There are several articles containing recommended reading for the period of confinement during the present epidemic. But perhaps the most thoughtful is that in (odd as it may seem) the Daily Mail. This is by Roger Alton and relates to the Mail’s “Book of the Week”: The Rules of Contagion by Adam Kucharski, an epidemiologist who teaches at the University of London’s School of Tropical Medicine. This was obviously written and probably went to print before the present epidemic got started. The reviewer congratulates the author for avoiding the temptation to add last minute references in an effort to increase timeliness. These were not needed to make the book relevant. (The book will not be released in the USA until September. Here’s a link to the UK edition currently on offer.)
After summarizing the book’s description of the history of epidemics and the evolving means to contain them, the review provides Kucharski’s summary conclusion:
‘There’s a saying in my field: “If you’ve seen one pandemic, you’ve seen . . . one pandemic.” ’ And like all good mathematicians, [Kucharski] knows that numbers are the key. Not hysteria. Not fear.
Here’s the reviewer’s summary of what the math teaches, according to Kucharski:
The shape of all outbreaks is roughly the same: first spark, then growth, peak and decline. It is a pattern known as the SIR model, dividing populations into three types: susceptible, infected and recovered. Once the number of recovered people is large enough, the disease will die out as there is no one left to infect. And at the heart of that is a mathematical big beast, the reproduction number, known as R, representing the number of people an infected person will go on to infect. If R is less than one, then sooner or later the disease will die out. But above that, if R is greater than one, the contagion will spread. The R for coronavirus appears to be between two and three, comparable to the Sars outbreak of 2002. Ebola and pandemic flu have an R between one and two. Measles, though, which is staggeringly infectious, has a very big R, about 20.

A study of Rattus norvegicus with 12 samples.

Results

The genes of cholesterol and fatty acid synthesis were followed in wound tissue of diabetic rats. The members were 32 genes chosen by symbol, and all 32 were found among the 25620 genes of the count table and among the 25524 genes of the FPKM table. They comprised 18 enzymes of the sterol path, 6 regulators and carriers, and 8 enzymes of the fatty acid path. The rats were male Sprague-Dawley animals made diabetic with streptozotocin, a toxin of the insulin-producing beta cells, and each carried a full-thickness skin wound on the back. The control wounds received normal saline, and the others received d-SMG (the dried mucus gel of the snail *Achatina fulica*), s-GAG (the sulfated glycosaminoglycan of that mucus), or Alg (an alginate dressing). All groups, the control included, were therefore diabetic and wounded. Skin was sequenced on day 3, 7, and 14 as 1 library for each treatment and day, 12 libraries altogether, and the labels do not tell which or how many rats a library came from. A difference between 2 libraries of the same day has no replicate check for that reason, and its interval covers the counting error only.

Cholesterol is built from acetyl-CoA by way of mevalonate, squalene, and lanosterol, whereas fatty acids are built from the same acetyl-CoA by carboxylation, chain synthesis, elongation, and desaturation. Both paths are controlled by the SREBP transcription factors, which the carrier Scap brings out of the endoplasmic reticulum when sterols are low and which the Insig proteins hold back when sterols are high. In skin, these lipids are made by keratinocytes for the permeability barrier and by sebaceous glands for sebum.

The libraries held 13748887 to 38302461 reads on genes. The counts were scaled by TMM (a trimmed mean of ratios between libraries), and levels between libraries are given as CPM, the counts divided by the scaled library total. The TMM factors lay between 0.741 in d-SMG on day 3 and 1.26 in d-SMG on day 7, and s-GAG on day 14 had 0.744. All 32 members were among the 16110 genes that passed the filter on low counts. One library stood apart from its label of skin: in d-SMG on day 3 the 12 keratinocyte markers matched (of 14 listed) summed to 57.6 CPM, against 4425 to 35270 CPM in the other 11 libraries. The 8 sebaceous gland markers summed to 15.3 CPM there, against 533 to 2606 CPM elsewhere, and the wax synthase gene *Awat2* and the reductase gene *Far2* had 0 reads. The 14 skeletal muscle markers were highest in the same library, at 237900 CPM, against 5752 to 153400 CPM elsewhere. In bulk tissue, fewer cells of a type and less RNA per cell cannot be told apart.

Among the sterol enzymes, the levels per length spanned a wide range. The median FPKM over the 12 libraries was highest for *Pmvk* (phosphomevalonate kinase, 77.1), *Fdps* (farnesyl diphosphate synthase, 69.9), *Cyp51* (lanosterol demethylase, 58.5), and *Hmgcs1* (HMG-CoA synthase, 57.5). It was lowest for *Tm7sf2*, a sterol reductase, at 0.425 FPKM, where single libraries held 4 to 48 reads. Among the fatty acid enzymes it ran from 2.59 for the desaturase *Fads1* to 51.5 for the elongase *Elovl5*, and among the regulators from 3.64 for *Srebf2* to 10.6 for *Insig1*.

Toward the conclusion of the review, the writing of Evelyn Waugh is drawn into the discussion:
As we live through the throes of a disease pandemic and a stock market panic, never has it been more important to hold the line between real and bogus information. It’s not a new phenomenon. In Evelyn Waugh’s 1938 satirical novel Scoop, legendary American foreign correspondent Wenlock Jakes is sent to cover a revolution in the Balkans. Unfortunately he oversleeps on his train and wakes up in the wrong — but wholly peaceful — country. Not realising his error, he makes up a story about ‘barricades in the streets, a dead child like a broken doll spreadeagled in the deserted roadway, machine guns answering the rattle of his typewriter’. Other journalists swiftly arrive and make up similar stories, stocks plummet, the country has an economic crash, there’s a state of emergency, and then a revolution. And Jakes is there to cover it.
Fiction of course, but now the speed at which bogus information can be transmitted — like a virus — is incomparably quicker than in Waugh’s day. Whether it is disease epidemics or crime and terrorism, mathematical models can help countries plot outcomes and allocate resources.But models are just that, writes Kucharski: reality is messy and complex. If you build a model train set — no matter how skilful and full of add-ons such as delays, leaves on the line, faulty signals — it will always differ from reality in some way.
A survey of other recommended reading will follow in a later post.